Uploading Large Files to AWS Elastic Beanstalk Fails with HTTP 413 “Request Entity Too Large”

Whether you have a webapp deployed in Beanstalk or a REST API, you might have come across the HTTP 413 error when trying to POST or upload a file larger than 1 MB to it. This is because the Nginx server running in Beanstalk is configured to accept no more that 1 MB of data in a single request. This is done by setting the client_max_body_size parameter to 1 MB. All you have to do to accept larger uploads, is to change this parameter. But how do you do that in a Beanstalk environment?

There are several ways to do this. Unfortunately, there have been instances when the technique documented in the official AWS documentation hasn’t worked for many (including me), so this post will cover all ways that have worked for people over the years. You’re encouraged to try out one or more of them till you get it right!

For environments based on Amazon Linux 2 (Java, Node.js, Go, Ruby (maybe), etc.), try this:

To extend the Elastic Beanstalk default nginx configuration, add .conf configuration files to a folder named .platform/nginx/conf.d/ in your application source bundle. The Elastic Beanstalk nginx configuration includes .conf files in this folder automatically.

β€” Extending Elastic Beanstalk Linux platforms
~/workspace/my-app/
|-- .platform
|   `-- nginx
|       `-- conf.d
|           `-- myconf.conf
`-- other source files

To override the Elastic Beanstalk default nginx configuration completely, include a configuration in your source bundle at .platform/nginx/nginx.conf:

β€” Extending Elastic Beanstalk Linux platforms
~/workspace/my-app/
|-- .platform
|   `-- nginx
|       `-- nginx.conf
`-- other source files

To increase the maximum upload size specifically, then create a file at .ebextensions/nginx/conf.d/proxy.conf setting the max body size to whatever size you would prefer:

client_max_body_size 50M;

Or create the Nginx config file directly. Create a .config file in the .ebextensions directory:

files:
    "/etc/nginx/conf.d/proxy.conf" :
        mode: "000755"
        owner: root
        group: root
        content: |
           client_max_body_size 50M;

This generates a proxy.conf file inside of the /etc/nginx/conf.d directory. The proxy.conf file simply contains the one liner client_max_body_size 50M; which does the trick. For some platforms, this file will be created during deployment, but then removed in a later deployment! The deployment progress is logged at /var/log/cfn-init.log, in case you need to troubleshoot. Look for the line “[DEBUG] Writing content to /etc/nginx/conf.d/proxy.conf” in the logs.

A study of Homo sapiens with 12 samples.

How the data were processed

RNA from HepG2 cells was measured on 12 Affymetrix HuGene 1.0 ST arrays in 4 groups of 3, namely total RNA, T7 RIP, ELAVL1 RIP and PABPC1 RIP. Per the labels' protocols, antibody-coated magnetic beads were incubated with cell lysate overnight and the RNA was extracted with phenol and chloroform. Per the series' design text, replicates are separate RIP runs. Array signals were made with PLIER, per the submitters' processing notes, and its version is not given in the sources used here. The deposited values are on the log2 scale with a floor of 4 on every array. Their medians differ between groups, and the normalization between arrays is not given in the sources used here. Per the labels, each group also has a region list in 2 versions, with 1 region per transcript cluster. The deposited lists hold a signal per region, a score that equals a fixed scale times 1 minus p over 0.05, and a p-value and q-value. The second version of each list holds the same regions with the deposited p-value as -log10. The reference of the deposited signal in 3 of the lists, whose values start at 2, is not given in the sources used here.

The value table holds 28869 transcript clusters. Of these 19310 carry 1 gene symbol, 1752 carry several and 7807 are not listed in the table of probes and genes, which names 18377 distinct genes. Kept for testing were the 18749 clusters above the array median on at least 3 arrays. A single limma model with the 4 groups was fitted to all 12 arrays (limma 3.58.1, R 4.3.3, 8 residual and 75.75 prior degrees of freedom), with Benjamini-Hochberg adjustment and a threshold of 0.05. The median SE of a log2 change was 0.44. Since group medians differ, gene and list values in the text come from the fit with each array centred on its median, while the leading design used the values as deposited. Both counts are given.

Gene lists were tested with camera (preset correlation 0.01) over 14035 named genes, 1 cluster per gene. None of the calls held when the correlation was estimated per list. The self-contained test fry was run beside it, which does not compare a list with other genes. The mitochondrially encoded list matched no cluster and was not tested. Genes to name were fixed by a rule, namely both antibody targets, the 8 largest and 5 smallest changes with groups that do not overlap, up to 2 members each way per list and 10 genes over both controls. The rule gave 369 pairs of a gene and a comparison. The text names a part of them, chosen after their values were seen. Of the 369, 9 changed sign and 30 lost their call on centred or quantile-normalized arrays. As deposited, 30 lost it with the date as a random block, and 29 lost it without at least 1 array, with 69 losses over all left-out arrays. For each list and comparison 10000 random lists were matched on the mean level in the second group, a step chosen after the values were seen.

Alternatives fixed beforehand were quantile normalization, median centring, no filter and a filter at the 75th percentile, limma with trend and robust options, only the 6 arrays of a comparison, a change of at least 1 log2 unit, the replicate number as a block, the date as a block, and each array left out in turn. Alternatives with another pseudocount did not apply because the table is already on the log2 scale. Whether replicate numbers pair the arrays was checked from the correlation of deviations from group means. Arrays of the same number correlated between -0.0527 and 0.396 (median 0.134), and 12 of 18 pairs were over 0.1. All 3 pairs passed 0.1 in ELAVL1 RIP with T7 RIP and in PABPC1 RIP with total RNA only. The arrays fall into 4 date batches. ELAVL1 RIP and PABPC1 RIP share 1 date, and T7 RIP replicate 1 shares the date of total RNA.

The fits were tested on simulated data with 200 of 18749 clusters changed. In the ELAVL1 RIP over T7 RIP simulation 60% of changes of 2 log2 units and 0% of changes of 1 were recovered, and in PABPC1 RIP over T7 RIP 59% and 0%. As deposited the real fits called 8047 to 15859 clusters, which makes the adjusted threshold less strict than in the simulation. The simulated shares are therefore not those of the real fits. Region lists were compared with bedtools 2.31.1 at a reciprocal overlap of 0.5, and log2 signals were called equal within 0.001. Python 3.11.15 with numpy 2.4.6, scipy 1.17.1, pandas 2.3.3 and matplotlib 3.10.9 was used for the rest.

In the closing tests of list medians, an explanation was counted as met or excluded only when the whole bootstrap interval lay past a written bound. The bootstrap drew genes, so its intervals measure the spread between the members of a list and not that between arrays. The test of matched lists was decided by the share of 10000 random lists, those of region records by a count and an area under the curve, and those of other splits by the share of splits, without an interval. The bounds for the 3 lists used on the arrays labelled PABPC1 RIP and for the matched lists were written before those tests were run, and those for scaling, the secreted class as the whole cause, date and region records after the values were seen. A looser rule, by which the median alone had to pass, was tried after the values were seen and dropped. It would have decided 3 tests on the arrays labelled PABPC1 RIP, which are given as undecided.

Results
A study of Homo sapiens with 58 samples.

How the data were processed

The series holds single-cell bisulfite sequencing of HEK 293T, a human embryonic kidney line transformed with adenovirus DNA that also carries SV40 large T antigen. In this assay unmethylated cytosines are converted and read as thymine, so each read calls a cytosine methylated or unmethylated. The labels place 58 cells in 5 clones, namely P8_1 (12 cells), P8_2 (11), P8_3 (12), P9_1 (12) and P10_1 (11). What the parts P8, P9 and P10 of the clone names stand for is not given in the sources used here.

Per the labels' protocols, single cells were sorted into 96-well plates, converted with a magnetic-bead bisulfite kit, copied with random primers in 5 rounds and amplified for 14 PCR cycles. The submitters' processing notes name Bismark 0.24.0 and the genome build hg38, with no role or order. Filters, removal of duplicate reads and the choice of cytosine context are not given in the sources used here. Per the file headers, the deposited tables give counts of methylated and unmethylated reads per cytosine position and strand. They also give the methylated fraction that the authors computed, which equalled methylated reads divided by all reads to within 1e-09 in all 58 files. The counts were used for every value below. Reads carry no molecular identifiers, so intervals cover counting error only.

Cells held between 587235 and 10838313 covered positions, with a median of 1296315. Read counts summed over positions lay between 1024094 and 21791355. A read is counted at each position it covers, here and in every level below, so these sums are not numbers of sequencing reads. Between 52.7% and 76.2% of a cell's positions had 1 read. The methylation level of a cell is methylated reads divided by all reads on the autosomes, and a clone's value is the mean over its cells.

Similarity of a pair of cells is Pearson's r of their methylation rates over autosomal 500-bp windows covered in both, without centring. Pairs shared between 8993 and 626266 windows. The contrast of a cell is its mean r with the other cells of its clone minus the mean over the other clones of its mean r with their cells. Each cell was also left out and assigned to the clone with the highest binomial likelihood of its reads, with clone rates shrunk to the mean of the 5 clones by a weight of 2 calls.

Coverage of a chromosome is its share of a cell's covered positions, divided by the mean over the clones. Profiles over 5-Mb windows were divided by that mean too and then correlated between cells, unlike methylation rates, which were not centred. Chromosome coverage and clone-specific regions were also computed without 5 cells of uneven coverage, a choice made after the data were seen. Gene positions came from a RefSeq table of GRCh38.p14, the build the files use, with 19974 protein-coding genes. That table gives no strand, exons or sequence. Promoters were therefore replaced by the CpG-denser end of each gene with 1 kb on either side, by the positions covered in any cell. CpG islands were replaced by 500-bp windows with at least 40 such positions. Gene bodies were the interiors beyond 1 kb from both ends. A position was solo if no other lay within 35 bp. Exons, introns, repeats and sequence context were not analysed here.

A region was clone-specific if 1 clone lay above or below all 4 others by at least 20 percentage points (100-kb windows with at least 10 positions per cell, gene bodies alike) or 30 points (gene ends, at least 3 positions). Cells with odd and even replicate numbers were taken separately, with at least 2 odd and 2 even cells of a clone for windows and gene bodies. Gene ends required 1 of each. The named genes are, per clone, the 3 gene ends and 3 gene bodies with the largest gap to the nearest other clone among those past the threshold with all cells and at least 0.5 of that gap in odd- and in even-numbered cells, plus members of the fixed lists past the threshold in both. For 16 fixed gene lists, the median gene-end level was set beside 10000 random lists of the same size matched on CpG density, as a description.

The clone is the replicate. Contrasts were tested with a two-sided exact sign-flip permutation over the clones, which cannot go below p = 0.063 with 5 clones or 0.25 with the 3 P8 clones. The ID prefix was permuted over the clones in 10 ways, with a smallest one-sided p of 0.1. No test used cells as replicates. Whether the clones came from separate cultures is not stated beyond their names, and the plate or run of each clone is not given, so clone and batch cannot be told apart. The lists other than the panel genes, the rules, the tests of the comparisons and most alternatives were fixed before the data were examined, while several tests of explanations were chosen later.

You might need to SSH into the instance & restart Nginx for the change to take effect: sudo service nginx reload or to be safe pgrep nginx && service nginx reload || true. Deployment will restart Nginx in most cases but if it doesn’t, do it manually. It was possible to do this using a container_command in earlier versions of Beanstalk but these days that just causes the deployment to fail. Rebuilding the environment will also pick up this change.

container_commands:
  01_reload_nginx:
    command: "service nginx reload"

For the sake of completeness, here are the Amazon Linux 1 instructions as well:

To extend Elastic Beanstalk’s default nginx configuration, add .conf configuration files to a folder named .ebextensions/nginx/conf.d/ in your application source bundle. Elastic Beanstalk’s nginx configuration includes .conf files in this folder automatically.

β€” Configuring the proxy on Amazon Linux AMI
~/workspace/my-app/
|-- .ebextensions
|   `-- nginx
|       `-- conf.d
|           `-- myconf.conf
`-- web.jar

To override Elastic Beanstalk’s default nginx configuration completely, include a configuration in your source bundle at .ebextensions/nginx/nginx.conf:

β€” Configuring the proxy on Amazon Linux AMI
~/workspace/my-app/
|-- .ebextensions
|   `-- nginx
|       `-- nginx.conf
`-- web.jar

If absolutely nothing else works, you can always SSH into the instance & take the matter into your own hands β€” bypass Beanstalk entirely & configure Nginx like you would in a normal EC2 server.

Create nginx.conf in .ebextensions/nginx/. SSH into an instance of your Beanstalk app, copy the contents of nginx.conf using cat /etc/nginx/nginx.conf & copying from the terminal. Paste the contents into the nginx.conf file in .ebextensions/nginx/ & modify the http directive to include client_max_body_size 50M;. Redeploy the app using eb deploy. You’ll see the following message during deployment:

INFO: Nginx configuration detected in the ‘.ebextensions/nginx’ directory. AWS Elastic Beanstalk will no longer manage the Nginx configuration for this environment.

No need to restart Nginx or rebuild the environment! But do ensure that .ebextensions did indeed get zipped into the deployment package, i.e., it isn’t ignored in .gitignore or .ebignore.

Here’s yet another example from AWS’s official Beanstalk examples:

files:
  "/opt/elasticbeanstalk/hooks/appdeploy/enact/12_add_nginx_configuration.sh":
    mode: "000755"
    owner: root
    group: root
    content: |
      #!/usr/bin/env bash
      /bin/echo "client_max_body_size 50M;" > /etc/nginx/conf.d/proxy.conf
      /sbin/service nginx reload

Here’s the source β€” AWS Docs / Elastic Beanstalk Samples β€” GitHub.

All of the above is for the Nginx server. You can also change the proxy server to Apache in the Beanstalk configuration & use its LimitRequestBody directive to set the upload limit. For .NET apps, you must configure IIS’s web.config.